Parasitoids of economically important whiteflies associated with greenhouse vegetable crops in western Sydney

Authors

  • Iona J Childs,

    1. Faculty of Agriculture, Food and Natural Resources, The University of Sydney, Australian Technology Park, Eveleigh, NSW 2015, Australia.

    1. New South Wales Department of Industry and Investment, Tamworth Agricultural Institute, 4 Marsden Park Road, Calala, NSW 2340, Australia.

    Corresponding author
    1. Faculty of Agriculture, Food and Natural Resources, The University of Sydney, Australian Technology Park, Eveleigh, NSW 2015, Australia.

Abstract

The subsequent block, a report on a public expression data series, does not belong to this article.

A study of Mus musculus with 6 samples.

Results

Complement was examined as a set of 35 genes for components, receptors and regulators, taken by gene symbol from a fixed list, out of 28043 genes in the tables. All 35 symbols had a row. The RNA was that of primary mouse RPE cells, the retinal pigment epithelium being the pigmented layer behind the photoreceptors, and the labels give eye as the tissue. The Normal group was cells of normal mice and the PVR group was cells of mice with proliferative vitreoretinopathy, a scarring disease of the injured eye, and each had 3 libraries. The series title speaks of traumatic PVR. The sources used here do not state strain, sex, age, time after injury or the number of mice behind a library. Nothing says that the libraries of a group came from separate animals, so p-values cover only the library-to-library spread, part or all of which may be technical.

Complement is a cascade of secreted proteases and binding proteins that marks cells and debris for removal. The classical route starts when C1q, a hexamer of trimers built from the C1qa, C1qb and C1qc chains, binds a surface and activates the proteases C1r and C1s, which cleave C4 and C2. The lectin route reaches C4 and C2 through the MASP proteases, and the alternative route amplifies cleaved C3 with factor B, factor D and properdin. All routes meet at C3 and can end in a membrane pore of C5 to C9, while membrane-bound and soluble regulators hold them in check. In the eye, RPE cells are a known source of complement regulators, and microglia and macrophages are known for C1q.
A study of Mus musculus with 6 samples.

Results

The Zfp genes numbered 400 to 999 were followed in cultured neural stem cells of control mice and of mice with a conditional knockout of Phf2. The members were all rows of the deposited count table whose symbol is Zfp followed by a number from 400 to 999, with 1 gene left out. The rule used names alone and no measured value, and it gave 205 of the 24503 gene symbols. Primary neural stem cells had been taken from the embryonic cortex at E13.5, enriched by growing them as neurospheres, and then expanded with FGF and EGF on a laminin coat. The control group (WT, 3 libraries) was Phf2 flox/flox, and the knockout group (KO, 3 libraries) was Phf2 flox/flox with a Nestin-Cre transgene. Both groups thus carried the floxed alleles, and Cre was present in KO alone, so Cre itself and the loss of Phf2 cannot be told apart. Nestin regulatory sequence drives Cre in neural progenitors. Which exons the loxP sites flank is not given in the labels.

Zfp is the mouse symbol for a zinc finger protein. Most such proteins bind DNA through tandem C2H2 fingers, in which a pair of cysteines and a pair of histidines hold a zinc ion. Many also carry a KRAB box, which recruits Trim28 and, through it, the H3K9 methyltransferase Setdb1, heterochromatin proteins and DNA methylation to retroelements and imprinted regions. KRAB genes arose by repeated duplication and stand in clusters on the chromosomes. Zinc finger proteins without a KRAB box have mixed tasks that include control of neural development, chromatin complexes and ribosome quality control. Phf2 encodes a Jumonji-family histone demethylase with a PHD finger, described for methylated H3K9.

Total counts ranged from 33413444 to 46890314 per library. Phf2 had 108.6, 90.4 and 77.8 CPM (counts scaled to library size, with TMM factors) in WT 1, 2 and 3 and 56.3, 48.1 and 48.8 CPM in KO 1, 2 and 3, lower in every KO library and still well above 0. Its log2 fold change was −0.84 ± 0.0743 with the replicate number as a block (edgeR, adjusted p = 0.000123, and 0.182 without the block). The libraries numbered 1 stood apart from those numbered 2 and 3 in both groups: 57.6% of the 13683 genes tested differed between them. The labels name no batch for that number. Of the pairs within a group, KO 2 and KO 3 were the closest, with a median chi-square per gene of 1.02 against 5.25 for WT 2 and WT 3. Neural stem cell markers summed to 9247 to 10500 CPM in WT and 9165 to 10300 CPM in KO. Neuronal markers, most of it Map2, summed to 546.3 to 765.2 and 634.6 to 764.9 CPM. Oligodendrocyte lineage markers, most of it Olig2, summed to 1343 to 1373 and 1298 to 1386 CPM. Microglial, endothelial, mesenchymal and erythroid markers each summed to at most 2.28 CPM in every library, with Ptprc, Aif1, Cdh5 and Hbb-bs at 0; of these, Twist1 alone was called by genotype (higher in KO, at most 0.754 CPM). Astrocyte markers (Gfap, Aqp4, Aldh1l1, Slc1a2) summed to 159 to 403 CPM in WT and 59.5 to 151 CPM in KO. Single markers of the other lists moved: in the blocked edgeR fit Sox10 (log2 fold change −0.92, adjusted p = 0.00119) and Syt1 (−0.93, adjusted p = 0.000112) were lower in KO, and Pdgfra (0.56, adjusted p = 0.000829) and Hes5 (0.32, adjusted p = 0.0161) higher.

A survey of the endemic parasitoids of whiteflies in the greenhouse cropping regions of western Sydney was conducted from 13 October 2005 to 15 March 2007. The fourth-instar nymphs of both Bemisia tabaci (Aleyrodidae), including silverleaf whitefly (Bemisia tabaci biotype B), and greenhouse whitefly (Trialeurodes vaporariorum, Aleyrodidae) were collected from weeds surrounding greenhouses. These nymphs were incubated until the emergence of either a whitefly or parasitoid and the parasitoids were then identified. Eight species of parasitoids from two genera were detected in this survey (Encarsia accenta, E. formosa, E. mineoi, E. pergandiella, Eretmocerus queenslandensis, Eret. warrae, Eret. mundus and Eret. hayati). Five of these species were known parasitoids of silverleaf whitefly; one is a known parasitoid of greenhouse whitefly with two species known to parasitise both hosts. The presence of Eret. hayati is of particular interest because it has never been deliberately released into the surveyed region. Of these parasitoids, Eret. mundus and Eret. hayati are probably the most suitable candidates for biological control of whitefly associated with greenhouse crops in western Sydney.